Southern-raised Stamps trying not to chill

WES GILBERTSON

, Last Updated: 8:37 AM ET

Brandon Smith had been warned.

That's not making his first taste of wintery weather any easier to swallow.

"Everybody always told me to watch out towards the end of the season, because you're gonna freeze your butt off," said Smith, a Calgary Stampeders defensive back who hails from Oakland, Calif., and played his college ball at Sacramento State.

"They told me about it, but I didn't think I'd actually see it, until now."

Stampeders linebacker Mike Labinjo has bad news for his rookie teammate: It's only going to get worse.

"This is nothing, man," Labinjo said.

"I kind of laugh at some of the guys. (Thursday), I warmed up in sweat pants, but I was in shorts most of practice, so I'm just telling guys, wait until it really gets cold out here and then we'll see how much you'll be bundled up."

Old Man Winter made his first appearance of the season during the club's three-day break earlier this week, although the McMahon Stadium grounds crew had the snow cleared off the turf before the Stamps returned to the field Thursday.

They've been practising in frigid conditions -- at least by Smith's standards -- but the fluffy white stuff hasn't fallen since.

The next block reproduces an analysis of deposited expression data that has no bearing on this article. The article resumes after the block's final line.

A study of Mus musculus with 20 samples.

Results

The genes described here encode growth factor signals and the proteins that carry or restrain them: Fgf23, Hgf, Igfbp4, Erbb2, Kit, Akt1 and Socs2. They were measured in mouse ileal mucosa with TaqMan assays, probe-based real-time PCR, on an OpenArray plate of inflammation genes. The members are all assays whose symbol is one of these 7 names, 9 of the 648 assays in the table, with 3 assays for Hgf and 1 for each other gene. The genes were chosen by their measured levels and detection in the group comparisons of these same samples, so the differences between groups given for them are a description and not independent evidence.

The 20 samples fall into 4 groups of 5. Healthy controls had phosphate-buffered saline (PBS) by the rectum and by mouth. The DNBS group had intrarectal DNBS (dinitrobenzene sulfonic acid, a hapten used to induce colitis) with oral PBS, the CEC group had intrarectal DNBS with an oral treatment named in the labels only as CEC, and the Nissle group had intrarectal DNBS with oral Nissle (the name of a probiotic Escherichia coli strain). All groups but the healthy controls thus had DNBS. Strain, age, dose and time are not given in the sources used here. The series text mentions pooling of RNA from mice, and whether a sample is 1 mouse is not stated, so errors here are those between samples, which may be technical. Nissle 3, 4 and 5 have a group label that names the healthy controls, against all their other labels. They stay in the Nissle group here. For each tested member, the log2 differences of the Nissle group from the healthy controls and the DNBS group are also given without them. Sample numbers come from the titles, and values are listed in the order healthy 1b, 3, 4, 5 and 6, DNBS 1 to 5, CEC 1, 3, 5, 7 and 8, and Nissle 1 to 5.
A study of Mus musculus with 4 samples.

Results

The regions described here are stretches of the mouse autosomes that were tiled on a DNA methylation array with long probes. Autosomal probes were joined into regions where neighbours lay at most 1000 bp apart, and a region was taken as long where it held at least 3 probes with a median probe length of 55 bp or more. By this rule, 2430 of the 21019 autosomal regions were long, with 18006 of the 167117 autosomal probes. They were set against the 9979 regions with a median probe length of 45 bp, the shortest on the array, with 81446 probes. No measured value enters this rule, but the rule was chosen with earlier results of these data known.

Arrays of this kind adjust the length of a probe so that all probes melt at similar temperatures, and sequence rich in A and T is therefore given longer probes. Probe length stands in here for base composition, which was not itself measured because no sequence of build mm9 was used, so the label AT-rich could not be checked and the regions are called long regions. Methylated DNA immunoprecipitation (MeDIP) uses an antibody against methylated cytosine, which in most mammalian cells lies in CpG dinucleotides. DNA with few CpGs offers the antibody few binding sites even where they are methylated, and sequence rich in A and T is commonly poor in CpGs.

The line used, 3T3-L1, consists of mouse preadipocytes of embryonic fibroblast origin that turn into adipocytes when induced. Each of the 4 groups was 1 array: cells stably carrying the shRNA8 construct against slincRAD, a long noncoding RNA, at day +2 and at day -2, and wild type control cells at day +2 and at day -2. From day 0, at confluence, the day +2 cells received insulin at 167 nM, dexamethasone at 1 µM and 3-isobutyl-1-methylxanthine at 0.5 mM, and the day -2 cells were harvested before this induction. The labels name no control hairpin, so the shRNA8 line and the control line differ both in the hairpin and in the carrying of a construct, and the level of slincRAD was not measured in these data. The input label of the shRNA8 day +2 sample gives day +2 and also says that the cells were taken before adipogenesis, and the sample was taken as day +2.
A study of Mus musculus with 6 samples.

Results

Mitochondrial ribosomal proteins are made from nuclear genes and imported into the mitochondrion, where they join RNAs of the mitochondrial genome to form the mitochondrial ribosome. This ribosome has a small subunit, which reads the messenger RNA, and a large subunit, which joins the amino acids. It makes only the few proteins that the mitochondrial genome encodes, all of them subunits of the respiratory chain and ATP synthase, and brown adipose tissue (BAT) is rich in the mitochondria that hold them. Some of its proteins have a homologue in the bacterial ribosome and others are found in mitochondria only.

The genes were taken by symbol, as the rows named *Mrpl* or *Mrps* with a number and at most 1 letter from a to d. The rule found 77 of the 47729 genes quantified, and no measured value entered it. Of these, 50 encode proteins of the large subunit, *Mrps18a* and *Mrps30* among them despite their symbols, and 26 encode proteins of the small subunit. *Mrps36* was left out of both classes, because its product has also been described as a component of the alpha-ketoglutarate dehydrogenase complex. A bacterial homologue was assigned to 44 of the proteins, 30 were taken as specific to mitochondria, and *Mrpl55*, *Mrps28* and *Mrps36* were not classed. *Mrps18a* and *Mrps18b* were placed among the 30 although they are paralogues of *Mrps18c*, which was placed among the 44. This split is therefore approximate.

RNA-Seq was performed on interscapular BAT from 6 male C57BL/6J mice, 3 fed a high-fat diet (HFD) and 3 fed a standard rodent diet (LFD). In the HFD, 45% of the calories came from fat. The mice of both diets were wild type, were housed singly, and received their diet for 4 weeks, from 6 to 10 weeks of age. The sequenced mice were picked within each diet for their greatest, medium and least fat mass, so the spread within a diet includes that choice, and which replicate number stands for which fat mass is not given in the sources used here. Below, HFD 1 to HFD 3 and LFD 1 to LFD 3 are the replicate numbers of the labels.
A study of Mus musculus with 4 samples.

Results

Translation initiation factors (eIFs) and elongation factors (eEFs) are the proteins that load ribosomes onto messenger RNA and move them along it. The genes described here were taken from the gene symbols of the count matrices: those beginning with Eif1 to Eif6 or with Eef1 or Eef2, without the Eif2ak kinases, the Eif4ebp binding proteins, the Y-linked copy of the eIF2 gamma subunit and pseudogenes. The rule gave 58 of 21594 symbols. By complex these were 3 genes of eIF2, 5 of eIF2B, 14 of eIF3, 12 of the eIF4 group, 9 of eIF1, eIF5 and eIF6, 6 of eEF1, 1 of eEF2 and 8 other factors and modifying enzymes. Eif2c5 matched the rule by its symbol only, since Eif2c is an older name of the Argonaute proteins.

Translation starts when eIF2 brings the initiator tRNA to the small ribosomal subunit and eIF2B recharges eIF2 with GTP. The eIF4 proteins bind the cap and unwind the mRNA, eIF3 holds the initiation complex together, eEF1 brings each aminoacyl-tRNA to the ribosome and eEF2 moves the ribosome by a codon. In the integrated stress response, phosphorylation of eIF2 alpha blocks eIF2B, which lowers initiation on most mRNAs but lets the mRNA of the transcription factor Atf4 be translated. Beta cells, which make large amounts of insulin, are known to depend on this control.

"We knew it was coming. It was just a matter of time," shrugged running back Joffrey Reynolds, a Houston product who'd rather be rushing under sunny skies. "At least it held out this long. But yeah, Canada and snow kind of go hand in hand."

Next Saturday's West Division final, when the Stampeders will host the B.C. Lions, will be the CFL's final outdoor game of the 2008 season.

The Grey Cup is slated for Nov. 23 at Montreal's domed Olympic Stadium.

The forecast for next weekend calls for clear skies and temperatures hovering around the freezing point.

Because the Leos play their homes dates indoors at B.C. Place, a bit of a chill might actually give the host Stamps an advantage.

If Mother Nature does decide to show her ugly side, that'd be just fine by middle linebacker Saleem Rasheed.

"It's fun," he said. "As a defence, you love sloppy games where you can get out there and play some old-school football, that handing the ball off. Good ol' peewee football -- hand the ball off and tackle."